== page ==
TRADITION

Propaganda from the 1950's

What is a tradition? It’s generally a custom that a social group incorporates into their lives, generally year after year or even as a lifestyle, depending on the tradition. It can have multiple meanings, but the one I want to focus on today is the political use of tradition as a template for society itself.

When the right uses the term “Traditional Family”, it generally refers to the Nuclear Family, which was propped up heavily in the 1950’s, in the aftermath of World War II. It promoted an “ideal family unit” that was already fairly common, but was also shown as wealthy, happy, and fulfilled. However, even during that time, people were growing afraid of more war, and nuclear threats. There was still a decent amount of poverty as well. Life wasn’t that perfect picture. It was a time of fear, and the United States had to put out this type of propaganda to help morale and ease the minds of its people. While there’s nothing wrong with the actual ideology of the Nuclear Family itself, it is outdated and shouldn’t be applied today as a symbol of what it means to be American.

Today, the American experience isn’t one man working to provide for a family, or the wife staying home to take care of their two kids. It’s single people, or couples struggling to make ends meat, even with two jobs, opting out for kids because they don’t have the mental energy or money to have them. Even more different still, people aren’t adhering to the “traditional marriage” category (i.e. one man and one woman), as more gay couples, polycules, and communal living are out there. The younger generation isn’t adhering to the rules of that old propaganda, because it’s just that.

For the sake of this argument, it’s okay to fall into the Nuclear Family category in this age. What’s not okay is still holding it up as the “best” way to live. Different things make different people happy. I don’t want kids, and I may never get married, because it’s just not important. The feelings are. The connections and relationships you share with others is the most important thing we can do as a society. On top of that, it would breed more productivity and a happier population. We don’t need fear-mongering to keep us from moving forward to a better place.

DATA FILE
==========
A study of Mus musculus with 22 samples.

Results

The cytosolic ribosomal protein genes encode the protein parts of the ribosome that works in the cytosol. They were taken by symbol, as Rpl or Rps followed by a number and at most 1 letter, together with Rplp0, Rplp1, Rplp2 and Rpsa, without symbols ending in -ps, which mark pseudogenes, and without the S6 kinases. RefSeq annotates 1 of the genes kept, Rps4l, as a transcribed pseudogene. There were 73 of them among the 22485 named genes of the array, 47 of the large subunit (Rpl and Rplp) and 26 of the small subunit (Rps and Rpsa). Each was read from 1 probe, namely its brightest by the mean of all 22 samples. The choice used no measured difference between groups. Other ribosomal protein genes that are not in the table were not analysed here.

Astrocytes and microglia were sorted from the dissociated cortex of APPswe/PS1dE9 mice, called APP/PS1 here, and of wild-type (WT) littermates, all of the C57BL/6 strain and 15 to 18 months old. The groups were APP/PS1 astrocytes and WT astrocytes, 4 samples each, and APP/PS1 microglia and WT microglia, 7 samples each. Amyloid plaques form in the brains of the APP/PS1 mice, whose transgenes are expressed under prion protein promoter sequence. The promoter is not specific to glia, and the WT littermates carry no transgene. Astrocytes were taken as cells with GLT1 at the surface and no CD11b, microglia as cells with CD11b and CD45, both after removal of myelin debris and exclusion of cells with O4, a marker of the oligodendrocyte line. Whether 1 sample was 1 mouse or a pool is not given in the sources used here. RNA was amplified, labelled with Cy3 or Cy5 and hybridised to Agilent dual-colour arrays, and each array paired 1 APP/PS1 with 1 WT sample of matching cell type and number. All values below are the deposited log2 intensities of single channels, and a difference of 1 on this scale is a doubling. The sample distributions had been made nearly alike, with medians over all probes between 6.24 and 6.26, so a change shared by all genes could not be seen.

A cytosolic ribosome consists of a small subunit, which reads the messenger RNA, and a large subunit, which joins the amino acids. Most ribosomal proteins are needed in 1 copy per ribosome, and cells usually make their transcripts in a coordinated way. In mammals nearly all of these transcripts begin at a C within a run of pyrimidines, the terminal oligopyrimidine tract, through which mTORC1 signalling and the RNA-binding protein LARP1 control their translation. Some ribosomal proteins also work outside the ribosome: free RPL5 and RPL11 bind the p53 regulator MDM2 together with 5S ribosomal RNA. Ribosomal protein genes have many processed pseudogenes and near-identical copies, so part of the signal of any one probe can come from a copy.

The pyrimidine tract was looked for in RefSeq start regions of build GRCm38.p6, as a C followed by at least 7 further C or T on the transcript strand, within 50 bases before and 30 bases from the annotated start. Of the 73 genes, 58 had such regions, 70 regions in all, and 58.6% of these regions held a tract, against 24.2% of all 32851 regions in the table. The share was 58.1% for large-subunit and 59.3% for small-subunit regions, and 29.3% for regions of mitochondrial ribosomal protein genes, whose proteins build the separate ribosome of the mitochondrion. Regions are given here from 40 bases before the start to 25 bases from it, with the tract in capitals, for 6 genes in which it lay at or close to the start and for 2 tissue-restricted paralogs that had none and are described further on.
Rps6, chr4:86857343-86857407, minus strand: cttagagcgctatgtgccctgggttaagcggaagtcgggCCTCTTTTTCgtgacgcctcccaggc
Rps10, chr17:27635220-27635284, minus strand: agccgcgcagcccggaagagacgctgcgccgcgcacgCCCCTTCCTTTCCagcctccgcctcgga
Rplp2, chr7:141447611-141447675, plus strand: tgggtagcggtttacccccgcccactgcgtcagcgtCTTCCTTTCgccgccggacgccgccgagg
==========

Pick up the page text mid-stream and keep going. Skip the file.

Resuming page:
So, what’s holding us back? The same thing that started this mess: propaganda, and the older individuals who still swear by it. Media, up until very recently, still pushed the Nuclear Family at every chance they could. Even now, their inclusion of gay couples is superficial and could be expanded upon. We’re getting to the point of it becoming part of the norm, as it should be, but it’s still going to take time.

What my point with all of this? To show that some traditions aren’t worth keeping around, especially if it holds us back from progress. Holding to traditions like the Nuclear Family shows a fear of change that can hinder a society, rather than help it. The traditions that could be kept are things like holiday traditions. My family holds an egg cracking contest on Easter every year, because it’s what we’ve done my entire life, and what my mom did long before me. It doesn’t hurt anything, and keeps fun things there for generations.

Marriage isn’t just between a man and woman anymore, and there are plenty of people that don’t want kids, or simply can’t sustain that type of life. Things need to change with the times, not stay stuck in the past. This is the age of change, and the denial of those strict roles.



Roseline Herbert

A pop-journalist in her twenty-somethings that engulfs herself in nerd culture, such as anime, tabletop gaming, and video gaming.